McChrystal’s Command: There Are Enough Troops for Kandahar
Yesterday, I cited a blind quote in a McClatchy story from a Defense Department official. It raised doubts that the force levels anticipated for Kandahar’s “rising tide” — 20,350 NATO and Afghan troops by September — are sufficient to protect the population from insurgents. “None of this makes any sense,” read the quote. “If it took you 10,000 (U.S. troops) to do Marjah, there aren’t enough troops (for Kandahar).” Stanley McChrystal’s chief spokesman, Air Force Lt. Col. Tadd Sholtis, disagrees.
“What the anonymous US official quoted has not accounted for are the differences between Central Helmand and Kandahar,” Sholtis wrote to me in an email. “Simply stated, there was nothing but Taliban in places like Marjah; security forces had to be created from scratch, and security imposed from the outside. That’s not the case in Kandahar City, where existing security forces only need to be augmented and security can be increased from the inside.” To be specific, right now there are about 6900 NATO troops and 5300 Afghan troops inside Kandahar. “Those forces include police in the city itself, where there are outbreaks of terrorist violence,” Sholtis continued, “and army in the districts surrounding it, where the Taliban are conducting a more classic insurgency to try to control the approaches to the city.”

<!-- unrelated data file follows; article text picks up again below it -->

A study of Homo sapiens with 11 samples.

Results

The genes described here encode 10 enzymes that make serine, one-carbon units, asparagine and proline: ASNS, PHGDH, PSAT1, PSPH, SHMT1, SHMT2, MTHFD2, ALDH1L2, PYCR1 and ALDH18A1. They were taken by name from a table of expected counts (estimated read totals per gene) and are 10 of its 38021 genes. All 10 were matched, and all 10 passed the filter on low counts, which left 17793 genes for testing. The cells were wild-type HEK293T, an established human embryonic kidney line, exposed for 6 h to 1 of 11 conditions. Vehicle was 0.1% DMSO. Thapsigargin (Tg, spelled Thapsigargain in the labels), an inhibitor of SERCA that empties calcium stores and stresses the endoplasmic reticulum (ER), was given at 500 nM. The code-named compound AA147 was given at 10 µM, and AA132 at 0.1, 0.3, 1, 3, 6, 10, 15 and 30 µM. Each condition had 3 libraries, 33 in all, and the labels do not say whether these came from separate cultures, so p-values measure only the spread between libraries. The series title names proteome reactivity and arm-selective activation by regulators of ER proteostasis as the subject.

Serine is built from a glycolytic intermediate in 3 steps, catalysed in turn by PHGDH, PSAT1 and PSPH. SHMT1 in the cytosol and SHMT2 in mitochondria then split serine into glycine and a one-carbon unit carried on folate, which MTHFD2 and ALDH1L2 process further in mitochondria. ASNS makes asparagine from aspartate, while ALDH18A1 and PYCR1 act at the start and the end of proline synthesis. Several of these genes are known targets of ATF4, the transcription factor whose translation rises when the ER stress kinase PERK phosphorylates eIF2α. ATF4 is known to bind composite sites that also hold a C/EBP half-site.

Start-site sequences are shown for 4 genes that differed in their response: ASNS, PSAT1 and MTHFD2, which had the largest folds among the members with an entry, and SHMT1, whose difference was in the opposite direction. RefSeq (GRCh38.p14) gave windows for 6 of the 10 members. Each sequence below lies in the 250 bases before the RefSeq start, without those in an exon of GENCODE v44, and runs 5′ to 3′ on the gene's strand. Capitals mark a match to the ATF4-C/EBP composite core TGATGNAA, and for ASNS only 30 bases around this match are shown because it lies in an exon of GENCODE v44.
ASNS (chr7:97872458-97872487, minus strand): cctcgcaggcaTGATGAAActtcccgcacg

For what it’s worth, counterinsurgency doctrine bears Sholtis out. The Army’s field manual on counterinsurgency, known as FM 3-24, postulates a formula of 25 counterinsurgents per 1000 civilian residents. While a hard-and-fast census for Kandahar isn’t on offer, the figures U.S. planners typically cite for the city’s population hover between 800,000 and 850,000. Let’s use the 850,000 number. FM 3-24′s formula would suggest a counterinsurgent force of 21,250. That’s fewer than 1,000 additional troops to the 20,350 counterinsurgents that McChrystal will have in place by September.
None of this is to suggest that FM 3-24′s ratio — a guiding tool for planners, not a magic incantation for success — holds any guarantee of sustainable security for Kandahar. In Marja, clearly McChrystal went far larger in invading the village than FM 3-24 suggested, and the clearing phase, to put it mildly, remains in question after three months. Whether the “rising tide” of security operations lead to deliverable advancements in governance, justice, economic activity and perceptions of insurgent illegitimacy and government legitimacy are the measurements more likely to determine the outcome in Kandahar.